The role of temperament and parenting on anxiety problems among toddlers: Moderating role of parenting and mediating role of attachment


Bahtiyar-Saygan B., Berument S. K.

Infant Mental Health Journal, vol.43, no.4, pp.533-545, 2022 (Journal Indexed in SSCI) identifier identifier

  • Publication Type: Article / Article
  • Volume: 43 Issue: 4
  • Publication Date: 2022
  • Doi Number: 10.1002/imhj.21988
  • Title of Journal : Infant Mental Health Journal
  • Page Numbers: pp.533-545
  • Keywords: afectividad madre-niño, Angst, anne-çocuk bağlanma örüntüleri, ansiedad, anxiety, attachement mère-enfant, aşırı korumacılık, behavioral inhibition, calidez, chaleur, davranışsal ketlenme, duygusal sıcaklık, inhibición de conducta, inhibition comportementale, Kaygı, mother–child attachment, Mots clés: anxiété, Mutter-Kind-Bindun, negative emotionality, olumsuz duygulanım, overprotectiveness, sobreprotección, surprotection, Verhaltenshemmung, warmth, Wärme, émotivité négative, Überfürsorglichkeit, الكلمات الرئيسية: القلق ، الحماية الزائدة ، الدفء ، تثبيط السلوك ، التعلق بين الأم والطفل, 不安、過保護、温かさ、行動抑制、母-子アタッチメント, 关键词:焦虑, 过度保护, 热情, 行为抑制, 母子依恋

Abstract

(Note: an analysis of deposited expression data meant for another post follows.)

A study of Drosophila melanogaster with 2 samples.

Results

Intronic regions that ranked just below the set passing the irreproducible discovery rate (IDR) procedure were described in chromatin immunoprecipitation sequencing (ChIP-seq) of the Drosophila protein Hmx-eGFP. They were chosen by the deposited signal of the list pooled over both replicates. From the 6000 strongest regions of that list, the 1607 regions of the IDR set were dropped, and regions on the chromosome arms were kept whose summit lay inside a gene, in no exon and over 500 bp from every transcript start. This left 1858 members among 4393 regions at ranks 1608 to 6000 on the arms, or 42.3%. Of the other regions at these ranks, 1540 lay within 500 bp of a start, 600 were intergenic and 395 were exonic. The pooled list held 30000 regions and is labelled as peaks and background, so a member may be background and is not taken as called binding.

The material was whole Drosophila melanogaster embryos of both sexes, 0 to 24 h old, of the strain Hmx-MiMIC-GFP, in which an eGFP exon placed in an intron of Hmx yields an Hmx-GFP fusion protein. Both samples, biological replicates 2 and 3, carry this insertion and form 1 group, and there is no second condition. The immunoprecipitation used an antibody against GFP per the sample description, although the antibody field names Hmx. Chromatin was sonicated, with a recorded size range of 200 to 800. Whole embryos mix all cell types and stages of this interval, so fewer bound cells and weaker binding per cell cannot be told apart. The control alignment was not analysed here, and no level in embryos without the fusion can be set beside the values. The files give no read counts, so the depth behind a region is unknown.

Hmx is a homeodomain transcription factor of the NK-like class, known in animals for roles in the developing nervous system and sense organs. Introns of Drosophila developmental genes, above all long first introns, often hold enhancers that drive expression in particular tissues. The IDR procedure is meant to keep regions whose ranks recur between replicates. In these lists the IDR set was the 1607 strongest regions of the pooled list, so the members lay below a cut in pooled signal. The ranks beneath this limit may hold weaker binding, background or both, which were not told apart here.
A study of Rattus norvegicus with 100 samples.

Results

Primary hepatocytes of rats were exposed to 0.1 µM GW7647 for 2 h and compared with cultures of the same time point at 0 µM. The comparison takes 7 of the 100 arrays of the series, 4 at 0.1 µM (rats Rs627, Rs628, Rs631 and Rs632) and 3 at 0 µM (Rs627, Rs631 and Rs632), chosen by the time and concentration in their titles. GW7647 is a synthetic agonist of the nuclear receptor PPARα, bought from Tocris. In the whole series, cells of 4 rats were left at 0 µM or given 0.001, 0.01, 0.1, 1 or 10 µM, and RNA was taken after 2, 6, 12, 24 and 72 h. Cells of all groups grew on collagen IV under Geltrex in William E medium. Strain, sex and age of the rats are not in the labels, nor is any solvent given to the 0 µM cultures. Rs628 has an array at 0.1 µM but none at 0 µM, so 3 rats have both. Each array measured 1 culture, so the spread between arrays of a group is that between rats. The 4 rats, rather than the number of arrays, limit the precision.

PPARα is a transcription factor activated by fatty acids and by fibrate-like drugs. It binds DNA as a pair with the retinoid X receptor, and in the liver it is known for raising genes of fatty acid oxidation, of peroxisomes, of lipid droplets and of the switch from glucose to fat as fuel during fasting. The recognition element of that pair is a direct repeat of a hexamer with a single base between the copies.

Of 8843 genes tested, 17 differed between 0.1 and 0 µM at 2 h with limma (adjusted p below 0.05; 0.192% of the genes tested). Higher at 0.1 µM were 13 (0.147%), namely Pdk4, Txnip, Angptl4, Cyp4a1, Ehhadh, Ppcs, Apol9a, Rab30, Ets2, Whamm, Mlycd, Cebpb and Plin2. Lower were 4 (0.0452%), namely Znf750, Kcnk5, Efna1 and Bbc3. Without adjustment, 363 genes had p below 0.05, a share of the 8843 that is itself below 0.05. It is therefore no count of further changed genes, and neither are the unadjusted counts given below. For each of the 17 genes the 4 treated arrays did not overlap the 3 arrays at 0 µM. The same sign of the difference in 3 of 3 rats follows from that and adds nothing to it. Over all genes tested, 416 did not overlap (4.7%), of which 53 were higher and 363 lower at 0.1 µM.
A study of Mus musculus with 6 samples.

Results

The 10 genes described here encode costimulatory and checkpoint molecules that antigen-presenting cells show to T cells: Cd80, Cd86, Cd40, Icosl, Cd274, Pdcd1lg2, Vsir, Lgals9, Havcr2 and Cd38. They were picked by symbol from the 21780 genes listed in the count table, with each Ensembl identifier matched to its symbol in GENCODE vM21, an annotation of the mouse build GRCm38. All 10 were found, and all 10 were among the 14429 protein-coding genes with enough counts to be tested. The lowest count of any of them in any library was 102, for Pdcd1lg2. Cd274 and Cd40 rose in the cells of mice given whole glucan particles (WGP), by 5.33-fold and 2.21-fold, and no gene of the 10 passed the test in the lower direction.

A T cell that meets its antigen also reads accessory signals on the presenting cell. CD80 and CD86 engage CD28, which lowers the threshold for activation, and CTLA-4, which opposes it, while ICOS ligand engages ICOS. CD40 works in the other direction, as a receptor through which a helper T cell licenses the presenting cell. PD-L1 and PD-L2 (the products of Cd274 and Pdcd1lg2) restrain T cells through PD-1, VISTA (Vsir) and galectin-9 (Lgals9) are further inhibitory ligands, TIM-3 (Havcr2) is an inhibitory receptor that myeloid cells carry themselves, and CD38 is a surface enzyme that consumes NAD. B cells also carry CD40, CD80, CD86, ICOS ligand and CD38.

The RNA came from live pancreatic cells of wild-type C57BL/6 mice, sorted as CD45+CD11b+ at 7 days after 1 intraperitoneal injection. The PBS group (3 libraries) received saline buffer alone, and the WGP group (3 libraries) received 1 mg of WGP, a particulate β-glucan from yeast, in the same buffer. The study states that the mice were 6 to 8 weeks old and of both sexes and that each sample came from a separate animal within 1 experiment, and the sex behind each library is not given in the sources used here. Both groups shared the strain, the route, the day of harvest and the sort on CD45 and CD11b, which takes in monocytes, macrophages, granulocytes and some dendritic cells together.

© 2022 Michigan Association for Infant Mental Health.Anxiety problems are seen as early as 1–2 years of age. Among others, parenting and child temperament are considered as the most important factors affecting anxiety in early childhood. In the current study, the unique roles of parenting (maternal overprotectiveness and warmth) and temperament (behavioral inhibition and negative emotionality), parenting-temperament interactions, and mediating role of ambivalent attachment between behavioral inhibition and anxiety were investigated. One-hundred mother–child (18–36-month-old) dyads participated in this study. Children's anxiety and temperament were measured through mother-reported scales, attachment was measured by observation via home visits, and parenting dimensions were measured via both mother-reported scales and observation. The results revealed that behavioral inhibition and overprotectiveness were positively associated with toddlers’ anxiety, whereas there were no significant direct associations of negative emotionality and warmth with anxiety. However, the interaction between behavioral inhibition and warmth predicted toddler's anxiety; that is, if behaviorally inhibited children had mothers who were low on warmth, those children were more likely to exhibit anxiety symptoms compared to children with low behavioral inhibition, whereas anxiety levels did not change for children of warm mothers. Ambivalent attachment mediated the relationship between behavioral inhibition and anxiety. The nature of parent-child interactions is discussed based on toddlerhood anxiety.